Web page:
President Obama’s Fatherhood Pledge

National Fatherhood Org2

Take The President's Fatherhood Pledge

Fatherlessness is a growing crisis in America, one that under girds many of the challenges that families are facing. When dads aren’t around, young people are more likely to drop out of school, use drugs, be involved in the criminal justice system, and become young parents themselves.

President Obama grew up without his dad, and has said that being a father is the most important job he has. That’s why the President is joining dads from across the nation in a fatherhood pledge – a pledge that we’ll do everything we can to be there for our children and for young people whose fathers are not around.

National Responsible Fatherhood ClearinghouseWhen you take the President’s Fatherhood Pledge, you’ll receive updates, tips and resources from fatherhood organizations, prominent dads and other supporters of responsible fatherhood around the nation.

via National Responsible Fatherhood Clearinghouseolympic-chains-ad


Children Need Both Parents a Video by David Herbert 


  1. Children’s Bill of Rights

    WHEN PARENTS ARE NOT TOGETHER

    Every kid has rights, particularly when mom and dad are splitting up. Below are some things parents shouldn’t forget — and kids shouldn’t let them — when the family is in the midst of a break-up.

    You have the right to love both your parents. You also have the right to be loved by both of them. That means you shouldn’t feel guilty about wanting to see your dad or your mom at any time. It’s important for you to have both parents in your life, particularly during difficult times such as a break-up of your parents.

    You do not have to choose one parent over the other. If you have an opinion about which parent you want to live with, let it be known. But nobody can force you to make that choice. If your parents can’t work it out, a judge may make the decision for them.

    You’re entitled to all the feelings you’re having. Don’t be embarrassed by what you’re feeling. It is scary when your parents break up, and you’re allowed to be scared. Or angry. Or sad. Or whatever.

    You have the right to be in a safe environment. This means that nobody is allowed to put you in danger, either physically or emotionally. If one of your parents is hurting you, tell someone — either your other parent or a trusted adult like a teacher.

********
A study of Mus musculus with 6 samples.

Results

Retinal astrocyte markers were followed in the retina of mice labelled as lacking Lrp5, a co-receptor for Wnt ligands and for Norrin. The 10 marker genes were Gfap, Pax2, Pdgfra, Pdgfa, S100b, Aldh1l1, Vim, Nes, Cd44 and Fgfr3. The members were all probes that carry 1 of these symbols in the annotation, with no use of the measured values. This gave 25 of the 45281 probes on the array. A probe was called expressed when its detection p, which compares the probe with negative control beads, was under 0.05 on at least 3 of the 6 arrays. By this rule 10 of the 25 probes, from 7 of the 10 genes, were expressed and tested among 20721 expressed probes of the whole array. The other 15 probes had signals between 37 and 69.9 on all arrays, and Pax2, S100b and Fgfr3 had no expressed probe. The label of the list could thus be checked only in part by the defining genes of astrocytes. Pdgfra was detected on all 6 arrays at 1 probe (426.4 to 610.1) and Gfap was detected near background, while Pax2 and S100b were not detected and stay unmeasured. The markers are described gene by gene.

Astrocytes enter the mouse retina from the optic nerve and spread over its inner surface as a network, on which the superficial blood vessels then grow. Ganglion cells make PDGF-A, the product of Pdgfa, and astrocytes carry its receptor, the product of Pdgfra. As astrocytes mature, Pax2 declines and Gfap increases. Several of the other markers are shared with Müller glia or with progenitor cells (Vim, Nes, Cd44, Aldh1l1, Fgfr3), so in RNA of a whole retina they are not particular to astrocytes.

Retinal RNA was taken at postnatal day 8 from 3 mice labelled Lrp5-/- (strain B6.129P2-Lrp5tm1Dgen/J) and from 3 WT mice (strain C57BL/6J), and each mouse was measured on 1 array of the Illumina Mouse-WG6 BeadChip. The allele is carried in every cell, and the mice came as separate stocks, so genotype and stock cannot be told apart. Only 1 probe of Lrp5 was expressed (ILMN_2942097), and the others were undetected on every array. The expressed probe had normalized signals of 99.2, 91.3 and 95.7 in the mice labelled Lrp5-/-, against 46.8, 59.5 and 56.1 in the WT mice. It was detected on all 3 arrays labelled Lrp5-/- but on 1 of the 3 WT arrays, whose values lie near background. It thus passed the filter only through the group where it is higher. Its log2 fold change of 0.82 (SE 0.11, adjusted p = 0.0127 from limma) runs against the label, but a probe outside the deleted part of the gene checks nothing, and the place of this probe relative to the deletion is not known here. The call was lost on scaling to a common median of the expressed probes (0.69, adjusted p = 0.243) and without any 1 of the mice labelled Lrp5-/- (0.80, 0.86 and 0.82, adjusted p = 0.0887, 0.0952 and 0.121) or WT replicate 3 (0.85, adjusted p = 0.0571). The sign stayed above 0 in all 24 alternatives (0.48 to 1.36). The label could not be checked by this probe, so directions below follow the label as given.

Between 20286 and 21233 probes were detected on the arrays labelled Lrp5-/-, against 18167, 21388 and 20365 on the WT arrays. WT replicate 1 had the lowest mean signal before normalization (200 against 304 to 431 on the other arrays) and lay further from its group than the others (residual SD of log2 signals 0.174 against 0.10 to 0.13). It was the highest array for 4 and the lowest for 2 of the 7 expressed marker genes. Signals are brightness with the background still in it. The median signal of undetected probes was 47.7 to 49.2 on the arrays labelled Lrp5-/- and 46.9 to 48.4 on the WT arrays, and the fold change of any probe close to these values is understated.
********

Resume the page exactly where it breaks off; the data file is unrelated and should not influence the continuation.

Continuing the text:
You don’t belong in the middle of your parents’ break-up. Sometimes your parents may get so caught up in their own problems that they forget that you’re just a kid, and that you can’t handle their adult worries. If they start putting you in the middle of their dispute, remind them that it’s their fight, not yours.

    Grandparents, aunts, uncles and cousins are still part of your life. Even if you’re living with one parent, you can still see relatives on your other parent’s side. You’ll always be a part of their lives, even if your parents aren’t together anymore.

    You have the right to be a child. Kids shouldn’t worry about adult problems. Concentrate on your school work, your friends, activities, etc. Your mom and dad just need your love. They can handle the rest.

    IT IS NOT YOUR FAULT AND DON’T BLAME YOURSELF.

    —-Special Concerns of Children Committee, March, 1998

    “Children’s Bill of Rights” is a publication of the American Academy of Matrimonial Lawyers. © 1997 – 2001. All rights reserved. “Children’s Bill of Rights” may be reproduced under the following conditions:

    It must be reproduced in its entirety with no additions or deletions, including the AAML copyright notice. It must be distributed free of charge. The AAML reserves the right to limit or deny the right of reproduction in its sole discretion.

    © 2013 AAML Florida. 3046 Hawks Glen Tallahassee, FL 32312 | 850-668-0614

    The hiring of a lawyer is an important decision that should not be based solely on advertisements. Before you decide, ask the attorney to send you free written information about their qualifications and experience. The information you obtain at this site is not, nor is it intended to be, legal advice. You should consult an attorney for individual advice regarding your own situation.